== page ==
Kadima MK said his comment that 'immigrants brought drunken driving' was misunderstood.
By Gil Ronen
First Publish: 12/29/2010, 8:11 PM / Last Update: 12/29/2010, 8:37 PM

Flash 90

The Knesset's Aliyah and Absorption Committee held a stormy debate Wednesday following remarks by public officials that caused insult to immigrants from Russia. 

Russian-immigrant MKs from the Israel is Our Home party skewered MK Otniel Schneller of Kadima and Dr. Avi Simchon, an adviser to the Finance Minster, both of whom recently made disparaging remarks regarding the Russian-speaking olim [immigrants]. 
 
Speaking on the Knesset podium Tuesday on the subject of drunken driving, Schneller said that the phenomenon of drunken driving "did not exist before the aliyah from the Commonwealth of Independent States."
 
Schneller refused to apologize from the podium Tuesday but sounded a more conciliatory tone Wednesday. 
 
"My comments were misunderstood," he said. "The debate was about road safety, and I am a professional on this subject. I created the National Traffic Police, I made road safety classes mandatory in schools, I led legislation on helmets and safety."
 
Schneller tried to maneuver between his comments Tuesday and the need to fend off criticism. He said that drunken driving had reached Israel in the last 20 years but that this had nothing to do with the olim. He also said, however, that "Any culture that reaches Israel creates norms on the roads as well."
 
"I was floating a problem, not laying blame," he tried further to explain.
 
Ben Gurion was drunk?
Aliyah Minister Sofa Landver was not soothed by the explanation. "Maybe the parents of 35,000 olim-soldiers are drunks also?", she asked him pointedly. "Maybe [first Prime Minister David] Ben-Gurion, who made aliyah from Russia, was under the influence of alcohol when he declared the state? Was [Prime Minister] Levi Eshkol drunk when he started the Six Day War? Was Arik Sharon, whose family's roots are in Georgia, drunk when he created Kadima?"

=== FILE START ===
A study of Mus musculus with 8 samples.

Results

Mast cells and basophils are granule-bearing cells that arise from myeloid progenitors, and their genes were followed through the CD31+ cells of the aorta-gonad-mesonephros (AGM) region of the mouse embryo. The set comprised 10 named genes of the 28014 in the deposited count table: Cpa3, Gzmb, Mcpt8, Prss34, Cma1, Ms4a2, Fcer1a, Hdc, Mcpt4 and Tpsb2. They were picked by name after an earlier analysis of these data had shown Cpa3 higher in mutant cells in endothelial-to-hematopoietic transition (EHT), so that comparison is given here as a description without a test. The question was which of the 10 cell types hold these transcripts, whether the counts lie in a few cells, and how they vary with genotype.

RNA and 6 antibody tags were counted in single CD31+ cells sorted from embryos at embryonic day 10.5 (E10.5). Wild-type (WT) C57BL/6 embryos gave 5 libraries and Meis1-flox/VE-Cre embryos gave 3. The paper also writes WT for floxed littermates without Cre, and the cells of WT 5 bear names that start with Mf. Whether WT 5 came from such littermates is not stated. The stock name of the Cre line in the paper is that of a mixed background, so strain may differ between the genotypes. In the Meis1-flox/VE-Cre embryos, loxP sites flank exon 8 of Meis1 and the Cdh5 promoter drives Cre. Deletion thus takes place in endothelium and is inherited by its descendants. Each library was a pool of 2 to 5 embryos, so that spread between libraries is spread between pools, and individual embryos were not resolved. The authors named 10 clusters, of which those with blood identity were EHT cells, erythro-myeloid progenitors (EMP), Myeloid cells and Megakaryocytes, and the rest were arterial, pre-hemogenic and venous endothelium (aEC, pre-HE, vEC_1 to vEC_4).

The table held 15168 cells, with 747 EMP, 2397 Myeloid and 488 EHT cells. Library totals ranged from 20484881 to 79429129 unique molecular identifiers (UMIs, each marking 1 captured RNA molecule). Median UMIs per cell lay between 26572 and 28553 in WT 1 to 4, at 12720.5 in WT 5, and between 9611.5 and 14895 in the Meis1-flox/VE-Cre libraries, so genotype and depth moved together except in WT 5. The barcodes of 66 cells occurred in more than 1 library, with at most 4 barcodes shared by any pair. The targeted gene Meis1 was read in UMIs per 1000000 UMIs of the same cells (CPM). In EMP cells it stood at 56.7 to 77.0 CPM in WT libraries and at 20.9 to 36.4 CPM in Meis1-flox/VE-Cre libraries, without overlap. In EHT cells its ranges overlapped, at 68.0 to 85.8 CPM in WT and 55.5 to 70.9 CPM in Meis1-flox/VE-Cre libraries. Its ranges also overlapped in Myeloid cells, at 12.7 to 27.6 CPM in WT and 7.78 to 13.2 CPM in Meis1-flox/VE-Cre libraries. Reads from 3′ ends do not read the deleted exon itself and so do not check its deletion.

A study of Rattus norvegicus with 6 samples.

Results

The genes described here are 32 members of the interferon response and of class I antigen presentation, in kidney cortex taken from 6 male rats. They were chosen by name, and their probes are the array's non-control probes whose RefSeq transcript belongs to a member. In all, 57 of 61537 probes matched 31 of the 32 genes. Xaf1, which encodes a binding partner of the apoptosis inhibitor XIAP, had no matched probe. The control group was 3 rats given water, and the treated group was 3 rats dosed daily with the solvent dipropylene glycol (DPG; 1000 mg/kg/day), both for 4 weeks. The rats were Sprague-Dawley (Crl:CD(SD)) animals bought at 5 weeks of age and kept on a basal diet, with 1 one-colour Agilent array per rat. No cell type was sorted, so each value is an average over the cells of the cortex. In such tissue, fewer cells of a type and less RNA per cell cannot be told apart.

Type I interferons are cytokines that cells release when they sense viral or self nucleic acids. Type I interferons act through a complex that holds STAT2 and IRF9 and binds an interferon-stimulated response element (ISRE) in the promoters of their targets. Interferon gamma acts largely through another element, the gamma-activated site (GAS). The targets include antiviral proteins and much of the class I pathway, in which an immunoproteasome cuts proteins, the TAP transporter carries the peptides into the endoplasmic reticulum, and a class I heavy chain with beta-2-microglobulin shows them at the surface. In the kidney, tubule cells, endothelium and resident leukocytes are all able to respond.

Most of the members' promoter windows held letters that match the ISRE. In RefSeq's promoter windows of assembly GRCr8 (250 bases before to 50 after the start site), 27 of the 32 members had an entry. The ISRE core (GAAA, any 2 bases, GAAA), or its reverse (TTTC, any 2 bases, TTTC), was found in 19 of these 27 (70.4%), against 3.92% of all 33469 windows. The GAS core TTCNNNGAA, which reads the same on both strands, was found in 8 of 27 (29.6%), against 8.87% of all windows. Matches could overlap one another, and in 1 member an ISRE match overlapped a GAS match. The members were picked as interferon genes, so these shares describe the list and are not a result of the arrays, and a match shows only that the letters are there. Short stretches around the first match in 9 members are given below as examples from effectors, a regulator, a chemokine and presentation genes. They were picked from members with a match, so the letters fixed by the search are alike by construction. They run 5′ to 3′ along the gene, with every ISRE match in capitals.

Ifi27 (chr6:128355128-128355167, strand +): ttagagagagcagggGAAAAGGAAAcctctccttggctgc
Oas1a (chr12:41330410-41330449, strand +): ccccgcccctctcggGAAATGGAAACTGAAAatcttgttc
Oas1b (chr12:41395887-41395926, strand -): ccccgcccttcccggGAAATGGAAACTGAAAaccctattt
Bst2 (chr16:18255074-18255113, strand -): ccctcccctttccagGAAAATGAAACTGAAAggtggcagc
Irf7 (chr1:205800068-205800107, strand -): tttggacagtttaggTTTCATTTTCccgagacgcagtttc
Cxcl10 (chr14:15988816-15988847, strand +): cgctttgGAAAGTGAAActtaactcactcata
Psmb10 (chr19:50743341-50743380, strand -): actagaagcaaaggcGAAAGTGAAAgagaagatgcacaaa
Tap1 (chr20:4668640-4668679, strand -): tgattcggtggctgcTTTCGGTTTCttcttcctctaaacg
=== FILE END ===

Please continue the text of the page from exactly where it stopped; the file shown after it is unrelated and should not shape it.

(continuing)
Landver said that the people of Kadima do not like Russian immigrants because they did not vote for them.
 
"This is demagoguery," Schneller fired back. "I risked my life for you to be able to make aliyah. The aliyah is dearer to me than your politics and the olim are dearer than those who try to represent them."
 
MK Faina Kirchenbaum raked Schneller over the coals too, and claimed that surveys have shown that drunkenness is as common among native Israelis as it is among olim. "As a Knesset member you have responsibility," she scolded him. "Even if you apologize, this remark will be remembered."
 
Kirchenbaum also had harsh words for Dr. Simchon, who said in a lecture that more than 400,000 olim who came to Israel were not Jews. "Maybe they have some grandfather who was a Jew," he said in the lecture, a recording of which reached Voice of Israel radio. "They came here because they were given an absorption package and we agreed to take them in," Simchon went on. "If we absorbed them, why don't we absorb the infiltrators from Africa too?" 
 
He later apologized for the remarks and praised the immigrants from Russia as "a great blessing to the country.". 
 
Unmollified, Kirchenbaum said: "I learned in the Diaspora that popular anti-Semitism grows from state anti-Semitism. In Israel, too, the bureaucrats stoke these flames." MK Lia Shemtov - who, like Kirchenbaum and Landver, hails from Israel is Our Home - demanded that Simchon be fired.
 
Committee Chairman Danny Danon (Likud) summed up the meeting by "vigorously denouncing" what he termed the "incitement against olim." He called on Schneller and Simchon to issue direct apologies for their statements.